The Federal Reserve has not raised interest rates this year and fixed income traders see little chance of higher rates following the Fed’s April meeting. In fact, the overwhelming feeling in the bond market is that the Fed is likely to raise interest rates just twice this year, down from expectations of at least four interest rate hikes heading into 2016.
Though interest rate increases, if they arrive at all this year, are likely to be small and easy to digest, that does not mean investors should pass up on adding on some lower duration fare to their portfolios in case the erratic Fed quickly changes policy. Investors can accomplish that objective with exchange traded funds such as the Vanguard Short-Term Corporate Bond Index Fund (NYSEArca: VCSH).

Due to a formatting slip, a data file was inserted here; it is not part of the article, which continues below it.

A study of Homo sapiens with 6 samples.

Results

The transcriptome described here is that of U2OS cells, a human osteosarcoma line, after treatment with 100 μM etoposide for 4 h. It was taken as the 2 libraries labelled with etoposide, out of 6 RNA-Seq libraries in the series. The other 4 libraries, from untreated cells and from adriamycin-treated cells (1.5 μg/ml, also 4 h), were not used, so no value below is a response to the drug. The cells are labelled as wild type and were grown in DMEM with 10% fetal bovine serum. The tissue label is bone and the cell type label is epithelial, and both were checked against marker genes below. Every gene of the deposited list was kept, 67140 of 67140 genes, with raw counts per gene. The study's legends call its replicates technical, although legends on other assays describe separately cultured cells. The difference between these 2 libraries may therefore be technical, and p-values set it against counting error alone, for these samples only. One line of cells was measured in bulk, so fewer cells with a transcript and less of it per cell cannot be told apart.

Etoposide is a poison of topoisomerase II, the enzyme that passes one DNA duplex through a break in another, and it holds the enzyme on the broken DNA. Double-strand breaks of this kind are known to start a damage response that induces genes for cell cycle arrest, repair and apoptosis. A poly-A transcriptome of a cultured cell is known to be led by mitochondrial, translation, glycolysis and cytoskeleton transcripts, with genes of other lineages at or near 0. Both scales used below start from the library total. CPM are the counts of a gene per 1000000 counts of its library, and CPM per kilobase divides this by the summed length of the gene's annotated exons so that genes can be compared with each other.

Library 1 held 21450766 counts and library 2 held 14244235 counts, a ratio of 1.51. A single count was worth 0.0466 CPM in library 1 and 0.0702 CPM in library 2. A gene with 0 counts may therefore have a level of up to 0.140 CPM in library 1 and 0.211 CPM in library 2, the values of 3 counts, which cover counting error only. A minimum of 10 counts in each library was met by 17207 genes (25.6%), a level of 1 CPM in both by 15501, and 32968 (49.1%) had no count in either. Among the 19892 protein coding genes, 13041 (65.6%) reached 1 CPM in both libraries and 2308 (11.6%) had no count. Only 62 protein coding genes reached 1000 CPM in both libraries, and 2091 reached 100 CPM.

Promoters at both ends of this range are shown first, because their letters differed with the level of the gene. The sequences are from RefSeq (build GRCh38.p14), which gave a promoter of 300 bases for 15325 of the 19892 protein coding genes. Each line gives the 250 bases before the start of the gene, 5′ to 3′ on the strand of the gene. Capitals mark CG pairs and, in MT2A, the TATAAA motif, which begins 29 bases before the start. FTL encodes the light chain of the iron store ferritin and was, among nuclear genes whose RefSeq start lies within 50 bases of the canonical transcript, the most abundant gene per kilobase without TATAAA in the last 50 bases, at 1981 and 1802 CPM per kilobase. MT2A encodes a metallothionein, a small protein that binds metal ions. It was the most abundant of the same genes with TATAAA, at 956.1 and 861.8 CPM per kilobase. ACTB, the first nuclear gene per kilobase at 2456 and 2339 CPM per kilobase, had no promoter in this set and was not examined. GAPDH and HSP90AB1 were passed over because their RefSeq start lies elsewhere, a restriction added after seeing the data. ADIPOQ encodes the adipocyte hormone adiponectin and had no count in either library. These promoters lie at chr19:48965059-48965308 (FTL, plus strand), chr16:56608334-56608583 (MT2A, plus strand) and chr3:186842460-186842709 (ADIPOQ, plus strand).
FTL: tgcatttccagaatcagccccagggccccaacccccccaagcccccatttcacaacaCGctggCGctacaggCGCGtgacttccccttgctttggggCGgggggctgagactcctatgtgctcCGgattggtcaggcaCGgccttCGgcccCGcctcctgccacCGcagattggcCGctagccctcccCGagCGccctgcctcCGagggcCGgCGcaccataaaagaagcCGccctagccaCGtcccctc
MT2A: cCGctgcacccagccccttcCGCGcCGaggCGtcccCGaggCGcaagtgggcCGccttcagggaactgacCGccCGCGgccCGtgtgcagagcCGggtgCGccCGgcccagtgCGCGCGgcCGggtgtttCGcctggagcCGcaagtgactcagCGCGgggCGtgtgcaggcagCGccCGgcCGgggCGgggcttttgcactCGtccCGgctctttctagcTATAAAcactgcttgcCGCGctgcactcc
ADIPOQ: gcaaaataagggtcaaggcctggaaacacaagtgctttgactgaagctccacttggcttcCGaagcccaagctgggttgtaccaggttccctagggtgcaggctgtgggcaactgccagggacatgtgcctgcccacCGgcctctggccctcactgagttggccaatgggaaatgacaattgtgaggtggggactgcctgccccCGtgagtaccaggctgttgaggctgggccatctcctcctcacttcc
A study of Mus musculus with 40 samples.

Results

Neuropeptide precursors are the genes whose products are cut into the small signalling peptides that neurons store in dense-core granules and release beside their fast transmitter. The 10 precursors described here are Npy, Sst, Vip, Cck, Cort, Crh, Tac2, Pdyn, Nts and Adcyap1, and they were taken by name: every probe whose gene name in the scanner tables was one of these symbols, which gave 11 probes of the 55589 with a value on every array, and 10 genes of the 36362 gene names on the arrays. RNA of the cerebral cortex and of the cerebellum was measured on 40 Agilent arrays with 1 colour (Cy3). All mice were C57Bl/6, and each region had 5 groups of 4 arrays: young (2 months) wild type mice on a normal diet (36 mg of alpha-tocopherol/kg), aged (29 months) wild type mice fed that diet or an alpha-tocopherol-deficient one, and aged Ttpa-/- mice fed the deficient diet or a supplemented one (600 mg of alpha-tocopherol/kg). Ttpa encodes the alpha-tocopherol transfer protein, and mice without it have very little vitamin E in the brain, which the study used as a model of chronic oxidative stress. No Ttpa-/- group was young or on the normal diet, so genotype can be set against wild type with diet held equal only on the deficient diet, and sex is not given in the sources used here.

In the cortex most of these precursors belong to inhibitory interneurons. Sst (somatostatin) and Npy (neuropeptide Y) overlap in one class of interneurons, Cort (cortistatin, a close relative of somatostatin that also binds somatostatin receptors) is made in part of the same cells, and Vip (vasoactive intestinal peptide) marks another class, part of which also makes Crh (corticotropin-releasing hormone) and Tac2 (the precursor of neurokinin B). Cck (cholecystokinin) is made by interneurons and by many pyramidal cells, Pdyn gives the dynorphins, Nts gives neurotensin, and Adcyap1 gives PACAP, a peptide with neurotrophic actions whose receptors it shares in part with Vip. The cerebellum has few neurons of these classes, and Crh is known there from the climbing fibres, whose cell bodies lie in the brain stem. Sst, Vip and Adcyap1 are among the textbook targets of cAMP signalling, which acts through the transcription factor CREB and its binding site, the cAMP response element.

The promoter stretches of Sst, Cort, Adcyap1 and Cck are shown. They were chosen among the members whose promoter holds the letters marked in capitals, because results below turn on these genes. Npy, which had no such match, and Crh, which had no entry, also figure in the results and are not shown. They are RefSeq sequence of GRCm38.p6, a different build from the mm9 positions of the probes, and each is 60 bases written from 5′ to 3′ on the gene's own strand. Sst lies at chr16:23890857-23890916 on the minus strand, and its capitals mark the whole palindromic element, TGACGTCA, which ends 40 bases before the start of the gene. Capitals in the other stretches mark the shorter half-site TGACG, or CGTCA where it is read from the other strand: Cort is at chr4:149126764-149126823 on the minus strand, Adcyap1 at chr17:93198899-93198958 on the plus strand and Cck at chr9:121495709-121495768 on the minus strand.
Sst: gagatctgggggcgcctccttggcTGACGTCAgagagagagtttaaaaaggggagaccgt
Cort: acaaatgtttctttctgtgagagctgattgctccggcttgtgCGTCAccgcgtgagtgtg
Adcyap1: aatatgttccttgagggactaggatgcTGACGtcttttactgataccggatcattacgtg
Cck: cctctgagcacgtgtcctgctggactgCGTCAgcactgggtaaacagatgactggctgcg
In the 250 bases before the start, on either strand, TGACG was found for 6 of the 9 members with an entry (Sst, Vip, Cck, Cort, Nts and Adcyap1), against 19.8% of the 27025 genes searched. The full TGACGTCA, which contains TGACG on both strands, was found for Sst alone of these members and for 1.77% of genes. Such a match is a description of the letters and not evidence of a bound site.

The yield and bond’s price have an inverse relationship, so bond funds with long durations would experience large price drops if rates were to rise. In contrast, short-duration bond funds will experience more muted volatility in case of sudden rate changes.
Due to their weighting methodology, aggregate bond exchange traded funds have increasingly accumulated a larger tilt toward U.S. Treasuries. As rates begin to rise, ETFs with heavier positions in higher duration Treasury bonds could begin to lag other fund strategies.
Aggregate bond ETFs, or funds with broad bond exposure, are weighted by market capitalization, so issuers with the largest amount of cumulative debt outstanding have a larger weight in the index. That could make broad bond ETFs vulnerable to interest rate hikes, but an ETF like VCSH with a shorter duration and corporate focus can be durable even amid several rate hikes.